Many times we designers face an unassuming challenge. Pick the latest and greatest part... or go the old way and pick a less fancy part that gets the job done.
In this design the design for manufacture is important, and that includes the analysis of potential supply chain shortcomings.
In particular, the neverending issue of parts getting out of stock right before you hit the big red "MFG" button.
This could be less of a concern if the board had 10 or 15 types of parts, but with 100+ lines in the BOM, the odds are against you.
We can classify the risk of a non-stock line according to the damage it creates to the production schedule. For example if a resistor goes out of stock you can easily change the part#... but if suddenly your microcontroller goes unobtanium you are screwed. What's the cost and time required for software migration, testing, and pcb update and re-tooling? Hint: its very non-zero.
So for Axiom there are only a few dangerous components in this regard, and we can show the countermeasures we have taken:
MCU: A shortage of STM32F405 would be a disaster for a product like this, as the firmware despite making extensive use of ChibiOS its still heavily interwinded with low level peripheral access for max performance, so no easy migration.
Luckily we have a viable replacement that is the STM32F407, which is pretty much the same die with an ethernet peripheral. It can be more expensive but you don't care when you're against the ropes handling a shortage. Also, these ST oldies are ubiquitous and heavily stocked, it would be super odd to see a shortage.
FPGA: In general I find most HDL design software to be full of crap, so going for an open source toolchain gives some peace of mind here, as you could be locked away due to licensing for example. Then there is regular part# issue, which is actually what triggered this log.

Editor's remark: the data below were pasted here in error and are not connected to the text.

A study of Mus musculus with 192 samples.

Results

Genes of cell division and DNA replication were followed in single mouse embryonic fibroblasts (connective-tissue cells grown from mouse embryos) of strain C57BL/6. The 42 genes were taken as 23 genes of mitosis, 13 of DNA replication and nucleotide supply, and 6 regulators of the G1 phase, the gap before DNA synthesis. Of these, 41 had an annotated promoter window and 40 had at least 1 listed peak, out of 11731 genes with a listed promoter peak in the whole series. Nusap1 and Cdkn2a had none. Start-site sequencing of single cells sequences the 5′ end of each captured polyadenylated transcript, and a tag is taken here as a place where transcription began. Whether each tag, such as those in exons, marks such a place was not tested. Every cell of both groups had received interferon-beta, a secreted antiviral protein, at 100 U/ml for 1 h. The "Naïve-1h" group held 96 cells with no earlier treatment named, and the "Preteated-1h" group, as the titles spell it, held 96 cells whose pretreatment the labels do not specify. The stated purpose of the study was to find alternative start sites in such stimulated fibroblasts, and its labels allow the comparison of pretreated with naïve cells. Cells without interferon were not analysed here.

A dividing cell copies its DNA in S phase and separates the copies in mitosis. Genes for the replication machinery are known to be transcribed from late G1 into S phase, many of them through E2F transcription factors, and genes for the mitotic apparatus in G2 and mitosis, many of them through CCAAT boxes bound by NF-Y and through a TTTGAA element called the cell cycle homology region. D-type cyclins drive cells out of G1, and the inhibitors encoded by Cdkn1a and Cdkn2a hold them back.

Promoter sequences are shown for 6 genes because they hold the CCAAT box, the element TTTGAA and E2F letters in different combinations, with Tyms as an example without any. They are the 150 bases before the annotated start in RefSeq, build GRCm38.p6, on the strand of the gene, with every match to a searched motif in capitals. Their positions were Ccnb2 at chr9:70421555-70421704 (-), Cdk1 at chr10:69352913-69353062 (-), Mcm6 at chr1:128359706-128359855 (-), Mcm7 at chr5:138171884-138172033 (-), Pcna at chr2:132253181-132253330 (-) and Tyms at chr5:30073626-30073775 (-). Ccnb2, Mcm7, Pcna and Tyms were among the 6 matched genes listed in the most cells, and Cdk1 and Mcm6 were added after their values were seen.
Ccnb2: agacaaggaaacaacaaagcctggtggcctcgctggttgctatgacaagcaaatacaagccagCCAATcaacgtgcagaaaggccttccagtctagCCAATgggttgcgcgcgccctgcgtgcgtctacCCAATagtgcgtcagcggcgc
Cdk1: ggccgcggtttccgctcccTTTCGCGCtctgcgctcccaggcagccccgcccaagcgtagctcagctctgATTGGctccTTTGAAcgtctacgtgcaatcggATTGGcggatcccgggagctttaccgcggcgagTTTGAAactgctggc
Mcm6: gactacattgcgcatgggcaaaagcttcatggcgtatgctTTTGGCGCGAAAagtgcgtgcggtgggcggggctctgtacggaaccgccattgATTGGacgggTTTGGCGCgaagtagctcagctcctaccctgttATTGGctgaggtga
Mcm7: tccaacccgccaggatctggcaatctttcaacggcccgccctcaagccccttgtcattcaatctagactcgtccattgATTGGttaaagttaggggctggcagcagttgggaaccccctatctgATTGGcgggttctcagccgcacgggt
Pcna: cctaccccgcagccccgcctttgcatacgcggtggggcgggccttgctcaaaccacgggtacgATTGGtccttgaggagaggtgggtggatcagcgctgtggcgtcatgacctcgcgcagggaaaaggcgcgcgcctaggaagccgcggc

Right now the super cool and amazing FPGA Axiom uses is non stocked in the major suppliers, so one would have to start poking the manufacturers or the shady suppliers that apparently have the part but you never heard of them. But here is where the strategy shines, we have already identified this as a possible issue and early in the game we developed the verilog code for a different family of fpga that happens to be pin compatible, and I assembled, tested and validated the board with the alternative part, so we were always ready for a shortage.
Connectors: Here's the weak point in our supply chain. Even if JST connectors, and Amphenol RJ45 - 4 port assemblies are common, there are no alternatives in the current design, so in case of a shortage its likely that we will need to update the pcb design and have a talk with the assembler about the change. This little deviation can easily translate to a $200 fee. At least there is no software development involved and likely no need to update the user manual.
IGBT's: This is another example of a part that can become difficult to source. The IGBT listed in the BOM is currently out of stock, but this is where the choice of using EconoDual becomes evident: we can easily use another part with the same package! So for now we upped the part voltage from 650V to 1200V, but there are many options, even a 1200V 1000A part is available (more about that in a future episode)
Power supply: You'll see that the LDO has non populated feedback resistors, thats because it allows to use the adjustable version in case the fixed 3.3V version goes dark. It also allows to run the MCU domain at a bit higher voltage, like 3.45V to have a bit better signal/noise ratio on the analog frontend (this has been validated on consumer grade boards but not for the high power builds).
The DC/DC supply already went through alternative mosfets, thanks to the common footprint used and the switcher IC comes in both Automotive qualified and industrial grade variants.
CANbus circuit: We had a few comments about that part of the schematic, like why did you choose discrete isolator+CAN phy? The answer is... supply shortages! We don't want to tie ourselves to fancy parts like the ISO1050, we use easily replaceable discretes.
So I hope you see where is this going, we really care about the present and future of this product and the platform it represents, and we want it to be relevant for many many decades. This kind of documentation is not something you will see in a product datasheet or in a user manual, and represents real value to our customers. It's no joke when we say its meant to be the next-gen motor controller.